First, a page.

Three spooky stays for Halloween – and one for Bonfire Night

From a castle with a secret in Angus to a manor with ghostly residents in Norfolk. Chris Carter looks at some spooky breaks.

The Monster of Glamis

Glamis Castle in Angus was once the talk of the courts of Europe due to its supposed “dark and terrible secret”, says Sean Murphy in Scotland’s Daily Record. For in addition to the usual array of ghosts and ghouls haunting the childhood home of the late Queen Mother, there was also said to lurk a “monster”. Numerous accounts of the Monster of Glamis were written at the turn of the last century, speaking of a secret chamber, wherein resided the “monstrous heir” of the 12th Earl of Strathmore. The unnamed Bowes-Lyon child was recorded as having died on the day of his birth, but many believed he actually survived, hidden away from sight. “If you could even guess the nature of this castle’s secret,” the 13th Earl reportedly once said, “you would get down on your knees and thank God it was not yours.” From £1,390 for two nights at Glamis House, which sleeps 12, glamis-castle.co.uk.

Blickling Hall

© Alamy

Anne Boleyn’s ghost

Blickling Hall in Norfolk stands on the site of an old medieval manor, which is believed to have been the birthplace of Henry VIII’s ill-fated second wife, Anne Boleyn, says Catherine Swan in the Daily Mirror. Her headless ghost is said to return to Blickling each year on 19 May as night falls on the anniversary of her execution in 1536. The hall is also reportedly home to many ghostly residents, including the spirit of Sir John Falstoafe, the inspiration behind William Shakespeare’s character Falstaff. The “eerie dying groans” of 17th-century politician Sir Henry Hobart have also been heard from the West Turret bedroom. The National Trust has nine holiday properties on the estate, including Barn Owl Loft, which sleeps two. From around £311 for three nights, nationaltrust.org.uk/blickling-estate 

The Skirrid Inn

© Alamy

A haunted inn in Wales

Skirrid Mountain Inn in Llanvihangel Crucorney, near Abergavenny, is probably best known as Wales’ most famous haunted spot, says Portia Jones for Wales Online. At least four spirits are said to linger within the walls of the former farmhouse – some with good intentions, others harbouring a vendetta. Among them is Colonel Prichard, who was the lord of the manor and an ally of King Charles I before joining the revolt against him during the Civil War. The inn is said to have existed on the site since the Norman conquest in the 11th century.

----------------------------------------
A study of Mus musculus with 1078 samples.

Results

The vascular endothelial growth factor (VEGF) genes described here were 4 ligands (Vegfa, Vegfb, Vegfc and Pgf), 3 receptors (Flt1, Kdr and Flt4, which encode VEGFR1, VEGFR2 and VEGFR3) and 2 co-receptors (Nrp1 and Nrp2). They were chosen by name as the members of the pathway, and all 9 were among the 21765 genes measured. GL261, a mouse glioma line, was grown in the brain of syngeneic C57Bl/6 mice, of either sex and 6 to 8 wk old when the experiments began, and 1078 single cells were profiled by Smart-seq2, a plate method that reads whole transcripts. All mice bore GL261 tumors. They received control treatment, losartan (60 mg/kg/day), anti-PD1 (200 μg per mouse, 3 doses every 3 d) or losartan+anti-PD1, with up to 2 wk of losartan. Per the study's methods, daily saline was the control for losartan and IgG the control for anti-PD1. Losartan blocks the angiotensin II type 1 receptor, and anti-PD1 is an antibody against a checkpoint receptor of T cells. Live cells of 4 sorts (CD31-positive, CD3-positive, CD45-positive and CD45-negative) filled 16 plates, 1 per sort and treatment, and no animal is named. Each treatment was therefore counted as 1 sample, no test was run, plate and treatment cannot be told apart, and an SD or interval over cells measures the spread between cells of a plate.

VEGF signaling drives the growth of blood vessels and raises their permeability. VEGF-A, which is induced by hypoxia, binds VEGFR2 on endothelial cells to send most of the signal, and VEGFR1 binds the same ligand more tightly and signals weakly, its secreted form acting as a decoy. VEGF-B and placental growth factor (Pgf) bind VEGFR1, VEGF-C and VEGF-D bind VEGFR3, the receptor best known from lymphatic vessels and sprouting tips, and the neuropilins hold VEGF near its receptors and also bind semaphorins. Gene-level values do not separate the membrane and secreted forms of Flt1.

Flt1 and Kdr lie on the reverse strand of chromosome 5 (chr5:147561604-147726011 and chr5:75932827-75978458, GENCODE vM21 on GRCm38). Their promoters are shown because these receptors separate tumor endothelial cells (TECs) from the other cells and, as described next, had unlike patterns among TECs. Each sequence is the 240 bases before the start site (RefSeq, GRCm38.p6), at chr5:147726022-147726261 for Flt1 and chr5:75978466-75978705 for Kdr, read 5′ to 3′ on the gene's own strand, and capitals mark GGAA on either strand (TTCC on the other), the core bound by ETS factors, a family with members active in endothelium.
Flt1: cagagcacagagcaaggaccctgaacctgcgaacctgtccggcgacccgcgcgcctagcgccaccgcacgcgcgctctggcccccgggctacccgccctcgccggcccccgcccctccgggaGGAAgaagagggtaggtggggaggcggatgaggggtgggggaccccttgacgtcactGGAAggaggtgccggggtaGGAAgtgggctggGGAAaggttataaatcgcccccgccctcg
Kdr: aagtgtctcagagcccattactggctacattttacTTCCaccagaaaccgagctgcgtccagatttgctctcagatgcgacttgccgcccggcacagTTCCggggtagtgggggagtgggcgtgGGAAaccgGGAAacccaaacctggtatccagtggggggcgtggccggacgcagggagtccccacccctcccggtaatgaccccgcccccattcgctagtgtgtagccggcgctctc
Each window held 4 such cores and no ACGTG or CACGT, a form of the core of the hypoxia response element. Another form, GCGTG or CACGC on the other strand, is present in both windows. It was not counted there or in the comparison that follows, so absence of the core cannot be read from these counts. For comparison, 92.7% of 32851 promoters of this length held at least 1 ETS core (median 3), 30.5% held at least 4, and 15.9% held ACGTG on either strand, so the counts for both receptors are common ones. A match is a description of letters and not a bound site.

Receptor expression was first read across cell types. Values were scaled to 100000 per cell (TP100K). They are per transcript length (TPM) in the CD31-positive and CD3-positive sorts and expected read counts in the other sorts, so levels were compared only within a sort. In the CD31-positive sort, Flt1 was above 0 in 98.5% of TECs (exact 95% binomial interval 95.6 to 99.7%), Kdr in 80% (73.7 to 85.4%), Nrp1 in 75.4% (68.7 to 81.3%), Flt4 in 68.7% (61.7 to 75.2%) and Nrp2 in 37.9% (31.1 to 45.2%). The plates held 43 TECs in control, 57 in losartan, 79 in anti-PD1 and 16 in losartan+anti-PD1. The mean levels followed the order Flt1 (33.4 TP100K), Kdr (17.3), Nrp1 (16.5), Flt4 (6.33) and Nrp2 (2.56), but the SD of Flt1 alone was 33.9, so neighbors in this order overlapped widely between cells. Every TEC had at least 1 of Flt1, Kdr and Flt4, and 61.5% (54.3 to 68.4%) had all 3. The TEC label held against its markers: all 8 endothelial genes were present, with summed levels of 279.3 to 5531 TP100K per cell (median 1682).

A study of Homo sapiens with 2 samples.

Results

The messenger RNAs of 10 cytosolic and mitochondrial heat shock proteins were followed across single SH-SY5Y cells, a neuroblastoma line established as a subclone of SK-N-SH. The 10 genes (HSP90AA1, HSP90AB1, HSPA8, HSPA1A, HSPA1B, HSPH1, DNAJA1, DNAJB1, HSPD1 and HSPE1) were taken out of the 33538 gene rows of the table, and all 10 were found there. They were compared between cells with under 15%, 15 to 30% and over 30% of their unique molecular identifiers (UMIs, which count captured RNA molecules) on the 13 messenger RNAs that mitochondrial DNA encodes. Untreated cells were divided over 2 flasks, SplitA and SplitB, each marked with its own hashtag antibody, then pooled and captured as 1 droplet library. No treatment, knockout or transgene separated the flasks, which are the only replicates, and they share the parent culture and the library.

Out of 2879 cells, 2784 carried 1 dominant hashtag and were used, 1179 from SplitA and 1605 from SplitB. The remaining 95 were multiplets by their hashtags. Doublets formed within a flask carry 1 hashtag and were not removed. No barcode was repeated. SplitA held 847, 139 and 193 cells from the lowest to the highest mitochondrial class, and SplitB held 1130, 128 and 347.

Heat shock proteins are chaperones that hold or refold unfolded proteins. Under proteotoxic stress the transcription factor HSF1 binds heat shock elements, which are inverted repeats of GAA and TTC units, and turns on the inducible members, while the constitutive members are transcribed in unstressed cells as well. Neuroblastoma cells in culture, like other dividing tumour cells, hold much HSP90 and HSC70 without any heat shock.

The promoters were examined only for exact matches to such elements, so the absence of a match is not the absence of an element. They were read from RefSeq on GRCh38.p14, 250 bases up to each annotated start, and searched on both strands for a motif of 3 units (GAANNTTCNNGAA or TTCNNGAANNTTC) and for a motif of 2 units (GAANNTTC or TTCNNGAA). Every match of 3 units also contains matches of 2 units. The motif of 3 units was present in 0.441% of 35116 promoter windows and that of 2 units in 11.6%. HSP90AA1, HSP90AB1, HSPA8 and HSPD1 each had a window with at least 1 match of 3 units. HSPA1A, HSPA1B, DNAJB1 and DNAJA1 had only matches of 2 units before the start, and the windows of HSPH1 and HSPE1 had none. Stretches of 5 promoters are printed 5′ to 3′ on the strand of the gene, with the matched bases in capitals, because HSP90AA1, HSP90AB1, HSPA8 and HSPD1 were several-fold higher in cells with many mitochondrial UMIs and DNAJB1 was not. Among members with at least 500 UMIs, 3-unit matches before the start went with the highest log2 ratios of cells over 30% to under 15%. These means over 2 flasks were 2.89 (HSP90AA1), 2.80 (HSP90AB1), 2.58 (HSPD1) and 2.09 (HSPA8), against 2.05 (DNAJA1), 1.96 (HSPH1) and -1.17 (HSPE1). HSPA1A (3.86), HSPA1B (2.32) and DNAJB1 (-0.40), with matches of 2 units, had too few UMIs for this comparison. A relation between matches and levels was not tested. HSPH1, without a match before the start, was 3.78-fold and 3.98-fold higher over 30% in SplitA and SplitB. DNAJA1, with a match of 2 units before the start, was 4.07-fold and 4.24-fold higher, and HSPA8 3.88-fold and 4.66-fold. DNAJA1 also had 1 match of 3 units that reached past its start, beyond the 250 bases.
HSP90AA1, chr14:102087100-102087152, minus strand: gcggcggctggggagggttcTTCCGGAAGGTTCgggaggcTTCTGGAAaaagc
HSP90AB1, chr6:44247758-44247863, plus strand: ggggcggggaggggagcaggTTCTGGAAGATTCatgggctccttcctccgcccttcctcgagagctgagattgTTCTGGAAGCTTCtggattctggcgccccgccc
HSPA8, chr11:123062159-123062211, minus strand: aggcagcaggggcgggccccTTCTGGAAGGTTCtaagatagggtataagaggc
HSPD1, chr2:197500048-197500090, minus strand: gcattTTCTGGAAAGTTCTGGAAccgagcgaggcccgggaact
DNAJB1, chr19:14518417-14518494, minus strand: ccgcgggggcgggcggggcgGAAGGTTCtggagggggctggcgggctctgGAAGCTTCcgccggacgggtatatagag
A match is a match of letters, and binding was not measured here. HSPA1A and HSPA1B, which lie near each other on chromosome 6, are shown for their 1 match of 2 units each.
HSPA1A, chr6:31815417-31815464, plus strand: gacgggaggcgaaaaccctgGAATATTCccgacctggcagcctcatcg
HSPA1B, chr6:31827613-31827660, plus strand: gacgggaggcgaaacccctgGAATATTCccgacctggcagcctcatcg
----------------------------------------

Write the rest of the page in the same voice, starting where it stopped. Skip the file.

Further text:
Over the centuries it has been used as a courtroom, while an oak hanging beam bears witness to its having also been a place of execution. Guests have reported the slamming of doors, footsteps and hushed voices. From £75, skirridmountaininn.co.uk

Room at the Guy Fawkes Inn

© Guy Fawkes Inn

The birthplace of Guy Fawkes

The anniversary of the foiling of the Gunpowder Plot has been observed on 5 November every year since 1606, says Carlton Reid for Mail Online. While Guy Fawkes wasn’t the leader of the gang who tried to blow up Parliament and the King, it is his effigy, the “Guy”, that is traditionally burned on the bonfire on Bonfire Night – and it is his notoriety that continues to draw visitors to the Guy Fawkes Inn in York.

The inn has a good claim to be the birthplace of the infamous plotter – not in the early-Georgian terrace, facing York Minster and the adjacent St. Michael le Belfry church, where Fawkes was baptised (that was built over a century later), but in the cottage at the back, which is now part of the inn.

The rooms at the rear overlook the cottage and the narrow beer garden emblazoned with a bold mural featuring the plotters. “Our room had a four-poster bed, with sash windows filled with those killer views, and featured shabby-chic furniture on sloping dark-wood floors.” From £69 in low season, guyfawkesinnyork.com.